The Miami Herald
May 3, 2000

Deadly twists in Colombia drug case test U.S. relations


 BOGOTA, Colombia -- A huge shipment of cocaine seized by Colombian police
 on its way to Cuba has turned into a nightmare for authorities here, sparking four
 murders and tensions between U.S. and Colombian prosecutors.

 Gunmen have killed two potential witnesses, plus the wife and son of one of them,
 and have forced authorities to transfer the 1998 case to a ``faceless prosecutor
 whose identity is kept secret to protect his life.

 One suspect's fight against his extradition from the United States is raising
 concerns that Bogota will balk at sending Colombians to face U.S. justice if
 American courts rule in his favor.

 Washington has long insisted on extraditing drug lords to remove them from a
 Colombian judicial system where they can bribe or threaten their way into lighter
 sentences and easy prison conditions.

 In a further twist to the case, the man fighting his extradition from the United
 States is the son of a Colombian senator assassinated for helping to draft the
 U.S.-Colombian treaty that allows extraditions.

 The 7.2-ton shipment in the case, one of the largest ever confiscated in Colombia,
 was found in false compartments of six freight containers seized Dec. 3, 1998, in
 the Caribbean port of Cartagena.

 The containers were loaded with barrels of plastic resin consigned to a firm in
 Havana that manufactured plastic figurines for export to Europe. The firm's owners
 were two Spaniards and a Cuban government enterprise.

 A fierce battle erupted in Washington last year as congressional conservatives
 argued that the seizure showed that Cuba should be added to the U.S. list of
 ``major transit points for U.S.-bound narcotics.

 Administration officials said there was no hard evidence the shipment was
 destined for the U.S. market, however, and President Clinton left Cuba out of the
 ``majors list he issued in November.

 Colombian counternarcotics officials and prosecutors say they believe the two
 Spaniards planned to redirect the containers from Havana to Spain, along with
 shipments of their figurines, and sell the cocaine in Europe.

 But they admit their information on the final destination of the drugs came from

 ``We reached a dead end when the Cuban authorities all but guaranteed that the
 trail led only to the two Spaniards, one counternarcotics official said.

 Prosecutors say they have made progress in investigating the Colombian end of
 the shipment, valued at $23 million at Bogota wholesale prices and many times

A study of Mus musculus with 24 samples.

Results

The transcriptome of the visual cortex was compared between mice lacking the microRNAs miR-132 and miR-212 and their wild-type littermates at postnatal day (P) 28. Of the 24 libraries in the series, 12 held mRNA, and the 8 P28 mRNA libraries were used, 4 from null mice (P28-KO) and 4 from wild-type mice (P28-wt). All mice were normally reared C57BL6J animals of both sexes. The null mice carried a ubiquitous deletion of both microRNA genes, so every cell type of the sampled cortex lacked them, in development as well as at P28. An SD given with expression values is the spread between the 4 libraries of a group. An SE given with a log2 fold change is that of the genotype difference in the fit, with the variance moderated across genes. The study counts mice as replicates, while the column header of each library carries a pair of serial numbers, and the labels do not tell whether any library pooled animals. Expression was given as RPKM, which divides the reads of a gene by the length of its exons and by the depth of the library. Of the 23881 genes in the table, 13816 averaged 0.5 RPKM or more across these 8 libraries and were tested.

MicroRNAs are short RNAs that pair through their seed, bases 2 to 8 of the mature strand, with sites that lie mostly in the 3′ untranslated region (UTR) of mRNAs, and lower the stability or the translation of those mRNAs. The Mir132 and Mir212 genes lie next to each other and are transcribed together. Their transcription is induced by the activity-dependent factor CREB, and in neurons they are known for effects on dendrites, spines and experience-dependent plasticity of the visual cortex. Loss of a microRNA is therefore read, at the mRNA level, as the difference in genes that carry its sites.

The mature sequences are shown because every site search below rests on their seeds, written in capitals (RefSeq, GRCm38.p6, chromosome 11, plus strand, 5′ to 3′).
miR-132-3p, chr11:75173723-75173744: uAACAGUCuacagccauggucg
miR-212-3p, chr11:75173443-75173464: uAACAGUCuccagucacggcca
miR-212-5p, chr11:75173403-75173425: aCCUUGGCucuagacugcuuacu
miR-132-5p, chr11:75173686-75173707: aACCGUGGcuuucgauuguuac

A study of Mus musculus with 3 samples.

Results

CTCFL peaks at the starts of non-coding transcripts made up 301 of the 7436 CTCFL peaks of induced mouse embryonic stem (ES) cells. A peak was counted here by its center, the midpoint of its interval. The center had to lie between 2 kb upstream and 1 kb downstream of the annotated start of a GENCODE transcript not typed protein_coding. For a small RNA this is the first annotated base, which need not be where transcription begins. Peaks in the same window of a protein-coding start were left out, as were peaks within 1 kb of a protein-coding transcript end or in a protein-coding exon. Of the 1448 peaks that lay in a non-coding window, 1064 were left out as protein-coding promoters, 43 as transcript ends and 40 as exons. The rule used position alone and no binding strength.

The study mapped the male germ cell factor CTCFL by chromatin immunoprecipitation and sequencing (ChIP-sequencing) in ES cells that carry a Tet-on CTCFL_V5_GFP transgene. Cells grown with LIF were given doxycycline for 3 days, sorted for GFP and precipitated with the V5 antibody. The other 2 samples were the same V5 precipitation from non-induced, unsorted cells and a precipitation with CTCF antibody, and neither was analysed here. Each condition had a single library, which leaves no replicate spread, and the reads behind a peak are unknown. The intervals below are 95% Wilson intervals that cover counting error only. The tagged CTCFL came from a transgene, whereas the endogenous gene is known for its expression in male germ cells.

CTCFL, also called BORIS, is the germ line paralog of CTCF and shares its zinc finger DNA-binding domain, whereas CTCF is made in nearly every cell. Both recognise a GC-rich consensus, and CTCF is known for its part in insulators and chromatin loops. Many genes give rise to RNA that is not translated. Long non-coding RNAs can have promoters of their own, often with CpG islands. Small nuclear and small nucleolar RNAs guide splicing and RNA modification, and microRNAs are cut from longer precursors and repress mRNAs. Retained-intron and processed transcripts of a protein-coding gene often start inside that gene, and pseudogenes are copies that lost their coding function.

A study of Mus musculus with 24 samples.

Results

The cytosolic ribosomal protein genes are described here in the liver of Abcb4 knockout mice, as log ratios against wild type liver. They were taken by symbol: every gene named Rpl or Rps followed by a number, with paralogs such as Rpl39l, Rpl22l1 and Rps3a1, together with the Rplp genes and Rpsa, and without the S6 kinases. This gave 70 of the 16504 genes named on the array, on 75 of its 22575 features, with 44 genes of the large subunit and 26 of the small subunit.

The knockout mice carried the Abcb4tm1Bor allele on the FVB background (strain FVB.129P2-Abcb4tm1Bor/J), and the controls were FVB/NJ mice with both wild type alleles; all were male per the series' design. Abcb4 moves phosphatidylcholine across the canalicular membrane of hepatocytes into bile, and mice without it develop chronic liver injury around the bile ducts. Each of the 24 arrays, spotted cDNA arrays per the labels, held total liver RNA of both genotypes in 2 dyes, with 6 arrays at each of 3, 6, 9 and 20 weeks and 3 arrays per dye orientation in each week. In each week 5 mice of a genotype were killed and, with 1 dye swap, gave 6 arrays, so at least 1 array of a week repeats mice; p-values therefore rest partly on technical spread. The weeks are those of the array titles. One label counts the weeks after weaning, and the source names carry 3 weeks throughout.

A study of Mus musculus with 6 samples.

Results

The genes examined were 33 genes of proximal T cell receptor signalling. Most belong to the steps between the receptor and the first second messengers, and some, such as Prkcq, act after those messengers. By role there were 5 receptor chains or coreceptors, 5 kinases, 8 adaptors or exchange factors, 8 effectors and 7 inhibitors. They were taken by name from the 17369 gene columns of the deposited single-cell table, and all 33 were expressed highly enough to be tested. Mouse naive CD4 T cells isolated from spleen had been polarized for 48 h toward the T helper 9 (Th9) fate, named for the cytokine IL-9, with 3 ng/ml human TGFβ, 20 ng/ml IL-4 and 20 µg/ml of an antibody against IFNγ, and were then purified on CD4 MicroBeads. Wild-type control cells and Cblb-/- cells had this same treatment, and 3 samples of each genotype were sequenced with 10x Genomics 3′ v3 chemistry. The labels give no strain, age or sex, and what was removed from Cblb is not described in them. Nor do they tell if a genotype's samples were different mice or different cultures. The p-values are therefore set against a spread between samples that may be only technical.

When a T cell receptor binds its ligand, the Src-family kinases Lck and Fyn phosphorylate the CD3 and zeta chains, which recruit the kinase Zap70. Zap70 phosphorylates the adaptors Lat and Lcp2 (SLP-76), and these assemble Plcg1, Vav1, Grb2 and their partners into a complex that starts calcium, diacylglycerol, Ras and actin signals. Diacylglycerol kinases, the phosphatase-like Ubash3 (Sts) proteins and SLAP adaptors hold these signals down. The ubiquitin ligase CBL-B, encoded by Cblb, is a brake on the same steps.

that at European or U.S. street sale prices.


 Arrest warrants have been issued for the Spaniards, Jose Royo Llorca and Jose
 Herrera Campos, who deny any knowledge of the drugs. But neither Cuba nor
 Colombia has sought their extradition, and they remain free in Spain.

 Two men charged with minor roles in the shipment will soon go on trial, seven
 others are in jail while under investigation and four others are wanted for
 questioning, prosecutors say.


 The case began taking turns for the worse when a potential witness to the
 financial dealings behind the shipment, Heriberto Bengoechea, was shot to death
 in December in the city of Cali.

 Three weeks later, gunmen killed Ricardo Estrada Vergara, a suspected principal
 in the deal and owner of E.I. Caribe, the firm that was shipping the plastic resins
 to Cuba. His wife and son were shot to death in their Cali home the next day.

 Prosecutors say Estrada Vergara, a Seventh-Day Adventist, had been hiding in
 church buildings since the drug shipment was seized and may have been thinking
 about cooperating with police before his death.

 The attorney general's office transferred the case in January to one of its
 ``faceless prosecutors, anonymous officials used in cases where drug traffickers
 or criminals have threatened witnesses or court officials.


 The case took another strange turn after prosecutors issued an arrest warrant in
 December for Victor Tafur, 36, son of Sen. Donald Tafur, shot dead in 1992 for his
 work on the U.S.-Colombian extradition pact.

 Victor Tafur was arrested by FBI agents March 4 near his mother's home in New
 Hope, Pa., where he had moved to recover from injuries he suffered in the crash of
 a small plane outside Bogota early last year.

 Prosecutors say several large personal checks signed by Tafur were deposited in
 a bank account of Estrada Vergara's firm. That shows that he helped finance the
 cocaine shipment, they say.

 Tafur denies any wrongdoing and says the money came from his father's pension,
 560 million pesos, paid to his mother in 1998. He said the family wanted to
 change the pesos into U.S. dollars and deposit them in a Swiss bank.